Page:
BALTIMORE — One of the first instincts of a newly minted health care leader, I would have to imagine, is to act tough and project an image of indestructibility. But Brené Brown, noted expert in the study of vulnerability, courage, worthiness and shame, believes that doing exactly the opposite is essential for nurse executives.
Brown delivered that message Thursday morning, during the opening keynote of the American Organization of Nurse Executives’ Annual Meeting, here in Baltimore. No act of leadership exists without the presence of vulnerability, according to Brown, and she believes all nurse leaders should embrace that feeling, rather than avoiding it for fear of appearing weak.
Health care is undergoing monumental change right now — Brown likens the nursing profession to being in “permanent whitewater” — and RN execs must give all of themselves to help lead the field through this uncertainty.
“Vulnerability is terrifying and it’s dangerous and it feels scary,” she told attendees. “But I do not think it’s as terrifying, dangerous and scary as getting to the end of our lives and having to ask, ‘what if I would have shown up? What if I would have said yes? What if I would have tried this.’
“The people I’ve interviewed who were at the end of their lives who never took the armor off had the most unbearable grief I’ve been around in my life. It’s not safe, but you’ll know you’re alive, and we need you because you really are going to need to lead this change for us and you’re going to have to do it with your whole hearts to work.”
Some of the biggest issues in leadership often tie back to that unwillingness to take risks and put yourself out there — conflict avoidance, stuck on past achievements, commitment to an unsustainable model were just a few that Brown listed. Too often, folks choose comfort over courage, and after 15 years of social science research, Brown said the only guarantee she can make is that leaders who put up a brave front end up getting wiped out.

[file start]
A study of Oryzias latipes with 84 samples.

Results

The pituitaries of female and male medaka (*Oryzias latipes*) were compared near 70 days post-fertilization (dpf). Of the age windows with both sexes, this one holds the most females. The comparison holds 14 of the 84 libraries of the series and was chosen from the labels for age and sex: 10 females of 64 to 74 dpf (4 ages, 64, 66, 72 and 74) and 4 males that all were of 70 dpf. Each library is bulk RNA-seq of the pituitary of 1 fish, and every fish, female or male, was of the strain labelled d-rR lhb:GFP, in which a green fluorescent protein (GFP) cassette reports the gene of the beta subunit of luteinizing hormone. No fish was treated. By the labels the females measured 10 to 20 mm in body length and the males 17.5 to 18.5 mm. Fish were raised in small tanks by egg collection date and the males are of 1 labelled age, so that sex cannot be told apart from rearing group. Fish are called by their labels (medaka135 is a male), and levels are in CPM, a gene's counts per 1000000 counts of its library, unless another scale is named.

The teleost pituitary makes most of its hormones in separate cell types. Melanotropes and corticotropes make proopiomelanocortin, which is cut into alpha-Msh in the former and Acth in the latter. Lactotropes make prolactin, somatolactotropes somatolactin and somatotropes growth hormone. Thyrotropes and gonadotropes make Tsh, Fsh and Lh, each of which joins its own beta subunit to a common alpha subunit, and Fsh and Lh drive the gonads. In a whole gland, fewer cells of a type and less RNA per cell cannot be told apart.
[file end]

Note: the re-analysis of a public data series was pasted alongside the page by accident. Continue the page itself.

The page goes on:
Courage, she said, is comprised of four key skillsets — vulnerability of course, trust, clarity of values and rising skills (the ability to reset after a failure or setback).
“If you choose to show up and be a brave leader, you will go down,” she said. “You will get your ass kicked. You will be criticized. You’ll be made fun of, you’ll be put down. People will not understand you. Every day, you’ll have to make the decision: Do I choose comfort today or do I choose courage because you cannot have both, and in health care, you can’t even have a semblance of both.”
Of course, there are limits to this philosophy. No one is telling you to ugly-cry about your divorce in the middle of a board meeting. Rather, it’s admitting that you don’t understand something in a budget, or that you can’t undertake a big project without more support from the team. It’s about being vulnerable, but with boundaries, Brown said.
Determining those boundaries can be tricky for leaders, too, she said, when you are managing a multi-generational workforce, with boomers who were raised to not wear their hearts on their sleeves, contrasted with share-all millennials who think they need to live blog every minor life event. “Define what is courageous vulnerability and what is not,” she said. “It is vulnerable to ask for help and it is brave. Live tweeting your bikini wax, not vulnerability.”
And of course, while Brown’s leadership philosophy is to embrace vulnerability and be willing to fail, that doesn’t mean you should go out willy-nilly taking big risks without any forethought. “When you fall, you have to know why you were in there and why you’re taking the hits. If your face is marred with dust and sweat and blood and you’re in the arena, and you’re not clear about what took you in there, you will not survive it. You will not get back up.”